A Throw of Dice felt from the beginning like it was more removed from my own culture than anything else I’ve watched from the List so far and, in that respect, was exciting; but, for all its beauty and skill and scale, I didn’t enjoy it, will probably never watch it again, and I think, in truth, that the reason I didn’t like it is because it was so foreign to everything else on the List so far. Visually, at least. The story itself, of two dudes fighting over a woman, is as old as storytelling and perfectly familiar and easy to follow. So it must be something else that pushed me away.
Part of the goal here with the Thousand Movie Project is to watch and appreciate stuff that would otherwise never cross my path, and so it feels like a sort of copout to feel here (as I guess was also the case with October) that the movie just isn’t for me, will never be for me, and to not even try a second viewing in hopes of finding some value.
There’s also definitely a racial/cultural component that I’m wary of confronting. An argument could be made that I’m not only puzzled by the different cultural aspects here but, in a deep-down way that I’ve never articulated, actually turned off by the differences. Not for what those differences actually are — just that I don’t like change. Like foreignness = badness. Could this be true? What came to mind, in asking myself if race was a big factor here, is that I didn’t find it disheartening or distracting with Oscar Micheaux’s Within Our Gates (1920), a silent movie starring an all-black cast that I found engaging (although slow at times) — but Within Our Gates was also an American film. Its characters spoke the same language I do. The landscape and narrative were both familiar. Maybe there’s some insidious impulse steering me away from A Throw of Dice that’s more xenophobic than racist? Can I say with certainty that I wouldn’t have cared any more or less for this movie if its cast were comprised of white American’s doing the same thing? I’d of course love to say that I’m unfailingly progressive and unbiased when it comes to race and culture and that I treat everybody with respect and all that, but I think one of the edgier benefits of the Project is the opportunity to see how I (or you, anybody who wants to try this) relate to the stories of other cultures when I’m sitting alone with those stories, how I take to their voices, which are both marginalized over here in my western bubble.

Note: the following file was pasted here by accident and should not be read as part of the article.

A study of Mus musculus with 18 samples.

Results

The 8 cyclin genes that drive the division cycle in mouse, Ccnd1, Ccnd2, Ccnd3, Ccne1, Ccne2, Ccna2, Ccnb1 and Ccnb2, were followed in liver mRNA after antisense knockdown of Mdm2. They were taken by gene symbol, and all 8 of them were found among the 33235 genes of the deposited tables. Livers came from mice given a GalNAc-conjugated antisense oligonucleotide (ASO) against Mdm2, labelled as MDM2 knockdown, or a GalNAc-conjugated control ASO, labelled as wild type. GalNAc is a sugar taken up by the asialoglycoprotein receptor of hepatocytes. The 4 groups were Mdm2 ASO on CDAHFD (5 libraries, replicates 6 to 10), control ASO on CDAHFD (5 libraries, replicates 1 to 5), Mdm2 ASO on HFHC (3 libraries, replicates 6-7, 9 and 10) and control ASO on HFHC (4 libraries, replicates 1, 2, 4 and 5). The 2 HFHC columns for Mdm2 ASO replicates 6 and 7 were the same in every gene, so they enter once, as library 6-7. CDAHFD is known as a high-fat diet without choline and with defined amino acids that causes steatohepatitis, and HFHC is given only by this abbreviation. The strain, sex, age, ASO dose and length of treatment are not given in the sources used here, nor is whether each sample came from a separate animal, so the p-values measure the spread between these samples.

A Throw of Dice is about two princes vying for the right to marry a beautiful woman, Sunita (Seeta Davi). It has the feeling of an ancient story where, from a distance, the princes take jabs at one another, assassination attempts and the like, before settling on a game of craps. As with Les Vampires (1915), however, I had to read various plot synopses to follow what was going on. Even the intertitles, which are so clear as to explicitly introduce us to the wedding and to spell out several other plot points that might be obvious to a native audience, I still needed some help.
Totally possible that this just isn’t my kind of movie, and that it’s natural for a viewer to be so puzzled with a very-old story from a very-different culture, but there’s a stressful hall-of-mirrors aspect in trying to see if there’s some phobia or -ism governing my attitude toward it. Probably nothing I’ll end up being flattered by, but worth being mindful of as the Project goes forward.